BATON ROUGE, La. (KPEL News) - We're getting an early start to the summer heat, it seems, as temperatures over the weekend claimed to highs that haven't been seen before June since the early 20th Century.

Baton Rouge's high on Memorial Day was 98 degrees, which is the first time since 1922 that temperature has been recorded before June 1. What's more, the Heat Index, which is a measure of what it "feels like" outside, soared even higher.


"How unusual was yesterday in Baton Rouge?" the NWS Twitter/X account asked. "The high of 98 tied a record set in 1922. Outside of a 4 day stretch 5/11-14/1922, the high in BTR has never exceeded 98 degrees prior to June 1st."

"Also," the posted also noted, "yesterday's low of 82 was the warmest low prior to July 5th on record."

That's a very warm start to a very warm summer, and it's only going to get warming, experts warn.

Why Is It So Hot?

Along with the seasonal warming, complicating matters is the continued after-effects of the Hunga Tonga–Hunga Ha’apai volcano's eruption in 2022.

The Tonga (as it's referred to) eruption was responsible for spewing tons of water, gas, soot, and more into the planet's atmosphere. That, in turn, would impact the planet's heat for the next few years.

According to the website Climate Briefs, when volcanoes erupt, we typically see the earth cool slightly. This is usually due to what gets shot into the atmosphere - namely dust and various aerosols that block sunlight. But the Tonga eruption sent so much water into the air that the vapor is acting like a greenhouse gas and trapping heat in.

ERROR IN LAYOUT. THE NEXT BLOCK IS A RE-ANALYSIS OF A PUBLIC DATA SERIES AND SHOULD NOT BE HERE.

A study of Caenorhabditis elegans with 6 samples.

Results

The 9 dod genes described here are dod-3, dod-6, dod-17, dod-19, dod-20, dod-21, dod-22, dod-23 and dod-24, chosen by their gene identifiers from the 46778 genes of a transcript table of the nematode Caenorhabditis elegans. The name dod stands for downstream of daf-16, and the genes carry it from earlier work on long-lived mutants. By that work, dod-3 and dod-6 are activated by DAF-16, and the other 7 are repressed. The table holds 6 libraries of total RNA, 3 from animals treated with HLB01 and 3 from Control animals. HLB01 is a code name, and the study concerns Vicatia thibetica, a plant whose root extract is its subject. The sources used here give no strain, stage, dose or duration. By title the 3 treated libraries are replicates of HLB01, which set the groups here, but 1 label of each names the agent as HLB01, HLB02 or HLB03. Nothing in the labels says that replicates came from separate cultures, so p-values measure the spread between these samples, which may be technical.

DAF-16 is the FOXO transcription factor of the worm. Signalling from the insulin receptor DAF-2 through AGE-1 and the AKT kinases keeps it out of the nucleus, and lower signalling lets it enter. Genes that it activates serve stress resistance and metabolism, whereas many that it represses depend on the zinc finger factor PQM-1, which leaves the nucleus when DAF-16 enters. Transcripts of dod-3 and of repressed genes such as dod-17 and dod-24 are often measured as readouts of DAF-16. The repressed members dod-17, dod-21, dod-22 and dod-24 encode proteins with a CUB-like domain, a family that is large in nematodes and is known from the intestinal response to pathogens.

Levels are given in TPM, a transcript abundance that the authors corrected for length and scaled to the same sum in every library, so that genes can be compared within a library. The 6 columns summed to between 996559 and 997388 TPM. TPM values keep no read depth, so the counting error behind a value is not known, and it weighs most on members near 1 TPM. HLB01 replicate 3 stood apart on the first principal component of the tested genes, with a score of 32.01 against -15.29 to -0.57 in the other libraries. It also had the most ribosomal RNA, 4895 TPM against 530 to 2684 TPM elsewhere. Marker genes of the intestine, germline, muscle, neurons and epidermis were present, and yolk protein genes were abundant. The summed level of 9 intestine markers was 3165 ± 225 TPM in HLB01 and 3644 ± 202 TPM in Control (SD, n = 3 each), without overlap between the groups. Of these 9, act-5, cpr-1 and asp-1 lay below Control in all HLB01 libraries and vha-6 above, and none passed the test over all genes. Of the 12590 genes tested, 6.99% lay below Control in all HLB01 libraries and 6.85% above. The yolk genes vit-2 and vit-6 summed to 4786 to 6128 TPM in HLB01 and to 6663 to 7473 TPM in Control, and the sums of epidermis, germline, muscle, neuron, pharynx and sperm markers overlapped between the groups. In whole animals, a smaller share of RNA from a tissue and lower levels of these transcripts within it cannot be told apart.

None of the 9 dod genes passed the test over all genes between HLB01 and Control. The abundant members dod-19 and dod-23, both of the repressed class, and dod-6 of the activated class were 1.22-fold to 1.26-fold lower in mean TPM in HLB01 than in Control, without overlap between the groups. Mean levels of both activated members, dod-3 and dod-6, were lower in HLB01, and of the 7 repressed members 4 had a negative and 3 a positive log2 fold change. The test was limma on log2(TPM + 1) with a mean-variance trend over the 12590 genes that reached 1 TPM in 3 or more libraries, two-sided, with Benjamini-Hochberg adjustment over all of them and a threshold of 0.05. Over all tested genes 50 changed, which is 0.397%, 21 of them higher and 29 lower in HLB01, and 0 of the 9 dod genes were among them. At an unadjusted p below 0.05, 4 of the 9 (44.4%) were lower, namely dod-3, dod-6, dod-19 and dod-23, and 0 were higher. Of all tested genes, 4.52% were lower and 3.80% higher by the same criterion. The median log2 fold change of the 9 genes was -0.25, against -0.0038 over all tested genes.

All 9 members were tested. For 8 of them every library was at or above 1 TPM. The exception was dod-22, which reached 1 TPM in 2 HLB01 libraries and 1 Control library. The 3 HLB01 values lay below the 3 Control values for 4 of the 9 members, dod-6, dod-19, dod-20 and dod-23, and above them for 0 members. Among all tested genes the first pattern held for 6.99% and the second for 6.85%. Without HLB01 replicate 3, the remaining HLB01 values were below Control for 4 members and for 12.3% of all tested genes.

Dr Stuart Jenkins, the site noted, had this to say about the potential effects:

“Most large eruptions are dominated by their sulphur dioxide emissions, which cool the planet temporarily as they scatter incoming sunlight. The Tonga eruption was unusual because instead it released a large amount of water vapour into the stratosphere – a powerful greenhouse gas – with little sulphur dioxide emissions.

“Pinatubo and Tonga actually may have opposite warming responses, which makes the Tonga volcano particularly interesting in the context of other recent eruptions.”

Meanwhile, studies show the volcano shot a total of 146 million tons of water into the air, raising the water vapor content of the stratosphere by 10 to 15 percent.

That, in turn, is raising the temperature of the planet by a couple of degrees (Fahrenheit) until possibly 2026.

Stay Safe in That Louisiana Heat

To avoid getting overheated during the summer in Louisiana, several practical steps can be taken:

1. Stay Hydrated: Drink plenty of water throughout the day. Avoid sugary, caffeinated, or alcoholic beverages, as they can contribute to dehydration.


2. Wear Appropriate Clothing: Choose lightweight, loose-fitting, and light-colored clothing. Natural fabrics like cotton can help keep you cooler than synthetic materials.


3. Seek Shade: Whenever possible, stay in shaded areas, especially during peak sunlight hours between 10 a.m. and 4 p.m.


4. Use Sunscreen: Apply a broad-spectrum sunscreen with an SPF of at least 30 to protect your skin from harmful UV rays, which can also contribute to overheating.


5. Plan Outdoor Activities Wisely: Schedule strenuous activities for the cooler parts of the day, such as early morning or late evening.


6. Take Breaks: When working or exercising outdoors, take frequent breaks in a cool or shaded area to allow your body to cool down.


7. Stay Indoors: During extreme heat, spend more time indoors in air-conditioned environments. If you don't have air conditioning at home, visit places like malls, libraries, or community centers.



9. Eat Light: Opt for smaller, lighter meals that are easier to digest, as heavy meals can increase your body temperature.


10. Cool Showers: Take cool showers or baths to help lower your body temperature.

By following these steps, you can better manage the heat and reduce the risk of overheating during the hot summer months in Louisiana.